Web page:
Jailed ‘Pizzagate’ Gunman: ‘The Intel On This Wasn’t 100 Percent’


In a Wednesday jailhouse interview with The New York Times, Edgar Maddison Welch said he “just wanted to do some good and went about it the wrong way.”

Welch was arrested and charged with assault with a dangerous weapon on Sunday after barging into Comet Ping Pong with an AR-15 rifle and Colt .38 handgun to search the premises for child sex slaves. He had bought into a bogus online conspiracy which holds that Democratic Party operatives, including Hillary Clinton, were tied to the sex ring because its owner exchanged emails with her campaign chair about a fundraising dinner.

Welch told the Times he learned about “Pizzagate” from friends and then conducted his own online investigation once he had internet installed at his house. His research convinced him that “something nefarious was happening.”

This feeling prompted him to drive from Salisbury, North Carolina, to D.C. to give the restaurant a “closer look,” he told the Times. A father of two, Welch worked himself up on the drive thinking of the children he believed to be imprisoned, and at some point decided to enter the restaurant armed.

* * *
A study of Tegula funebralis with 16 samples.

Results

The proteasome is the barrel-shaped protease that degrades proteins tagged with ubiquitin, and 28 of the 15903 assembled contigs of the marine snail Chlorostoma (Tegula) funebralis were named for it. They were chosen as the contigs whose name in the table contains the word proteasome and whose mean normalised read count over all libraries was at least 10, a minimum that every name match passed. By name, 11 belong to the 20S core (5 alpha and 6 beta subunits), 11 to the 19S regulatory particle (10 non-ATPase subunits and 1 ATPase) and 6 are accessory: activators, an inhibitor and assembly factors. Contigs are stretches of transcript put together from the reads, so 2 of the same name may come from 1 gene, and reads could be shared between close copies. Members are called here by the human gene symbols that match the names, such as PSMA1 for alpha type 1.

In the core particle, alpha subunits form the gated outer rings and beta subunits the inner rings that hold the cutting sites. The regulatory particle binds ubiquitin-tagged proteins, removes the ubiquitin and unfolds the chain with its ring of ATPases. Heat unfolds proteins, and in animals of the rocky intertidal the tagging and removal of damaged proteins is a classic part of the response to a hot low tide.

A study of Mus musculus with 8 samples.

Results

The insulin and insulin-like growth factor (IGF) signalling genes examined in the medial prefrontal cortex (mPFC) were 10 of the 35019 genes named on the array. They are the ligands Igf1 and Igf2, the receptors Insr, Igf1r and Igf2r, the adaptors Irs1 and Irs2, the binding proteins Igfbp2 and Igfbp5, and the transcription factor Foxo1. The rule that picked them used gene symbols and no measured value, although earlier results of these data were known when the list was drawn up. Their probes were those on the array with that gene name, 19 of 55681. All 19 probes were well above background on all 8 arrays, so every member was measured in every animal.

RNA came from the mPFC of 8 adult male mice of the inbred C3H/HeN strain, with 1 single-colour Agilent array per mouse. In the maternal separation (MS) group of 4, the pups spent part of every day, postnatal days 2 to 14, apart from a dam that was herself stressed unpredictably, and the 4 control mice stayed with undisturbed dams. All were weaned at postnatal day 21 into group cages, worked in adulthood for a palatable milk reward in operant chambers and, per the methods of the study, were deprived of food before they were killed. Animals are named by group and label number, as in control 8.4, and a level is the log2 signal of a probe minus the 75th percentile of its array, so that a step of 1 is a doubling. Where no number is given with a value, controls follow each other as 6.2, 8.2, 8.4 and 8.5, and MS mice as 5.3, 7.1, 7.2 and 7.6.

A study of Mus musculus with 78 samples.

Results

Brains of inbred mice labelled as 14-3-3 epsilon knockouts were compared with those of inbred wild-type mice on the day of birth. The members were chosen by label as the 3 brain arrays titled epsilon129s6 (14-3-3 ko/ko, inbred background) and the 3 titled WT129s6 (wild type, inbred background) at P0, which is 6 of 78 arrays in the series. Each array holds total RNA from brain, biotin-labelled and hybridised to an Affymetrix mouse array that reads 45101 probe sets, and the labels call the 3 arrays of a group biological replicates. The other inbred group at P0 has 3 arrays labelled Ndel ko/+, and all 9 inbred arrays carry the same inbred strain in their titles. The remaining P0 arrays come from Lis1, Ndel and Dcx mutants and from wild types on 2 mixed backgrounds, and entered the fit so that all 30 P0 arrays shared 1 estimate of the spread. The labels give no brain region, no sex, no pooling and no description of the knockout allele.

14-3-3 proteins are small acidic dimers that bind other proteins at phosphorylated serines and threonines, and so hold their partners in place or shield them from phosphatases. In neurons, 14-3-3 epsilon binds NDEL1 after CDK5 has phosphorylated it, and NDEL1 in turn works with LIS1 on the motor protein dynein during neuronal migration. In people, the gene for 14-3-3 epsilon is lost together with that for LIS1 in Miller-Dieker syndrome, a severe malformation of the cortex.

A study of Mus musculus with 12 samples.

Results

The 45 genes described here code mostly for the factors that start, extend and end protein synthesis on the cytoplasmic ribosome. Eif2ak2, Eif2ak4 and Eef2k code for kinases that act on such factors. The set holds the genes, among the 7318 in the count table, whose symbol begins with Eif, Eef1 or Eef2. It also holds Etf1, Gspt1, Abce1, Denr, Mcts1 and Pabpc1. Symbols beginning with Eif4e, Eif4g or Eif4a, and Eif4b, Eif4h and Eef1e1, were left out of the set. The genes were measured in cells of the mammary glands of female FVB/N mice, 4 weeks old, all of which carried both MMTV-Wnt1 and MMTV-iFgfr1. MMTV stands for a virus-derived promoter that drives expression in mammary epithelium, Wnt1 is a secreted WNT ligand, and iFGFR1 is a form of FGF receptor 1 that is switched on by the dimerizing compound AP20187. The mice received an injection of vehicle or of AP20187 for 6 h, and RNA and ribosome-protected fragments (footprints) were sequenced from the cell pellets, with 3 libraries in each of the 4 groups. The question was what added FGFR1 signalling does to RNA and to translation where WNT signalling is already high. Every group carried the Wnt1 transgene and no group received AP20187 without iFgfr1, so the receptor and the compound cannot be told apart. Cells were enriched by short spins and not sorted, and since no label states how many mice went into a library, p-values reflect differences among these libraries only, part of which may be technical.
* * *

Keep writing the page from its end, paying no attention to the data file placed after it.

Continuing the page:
Though he didn’t tell the Times why he brought the AR-15 into Comet Ping Pong, court documents reveal he allegedly told police that he was armed to “rescue” the children.

Welch admitted to the Times that “the intel on this wasn’t 100 percent” after he found no children inside of the restaurant.

He told the newspaper that Alex Jones, who used his conspiracy site InfoWars to promote the “Pizzagate” conspiracy and whose page he follows on Facebook, was “a bit eccentric.”

“He touches on some issues that are viable but goes off the deep end on some things,” Welch explained.

The 28-year-old, who is expected to appear in court again Thursday, said he wished Sunday had gone differently and he had not held up the restaurant.

“I regret how I handled the situation,” he told the Times.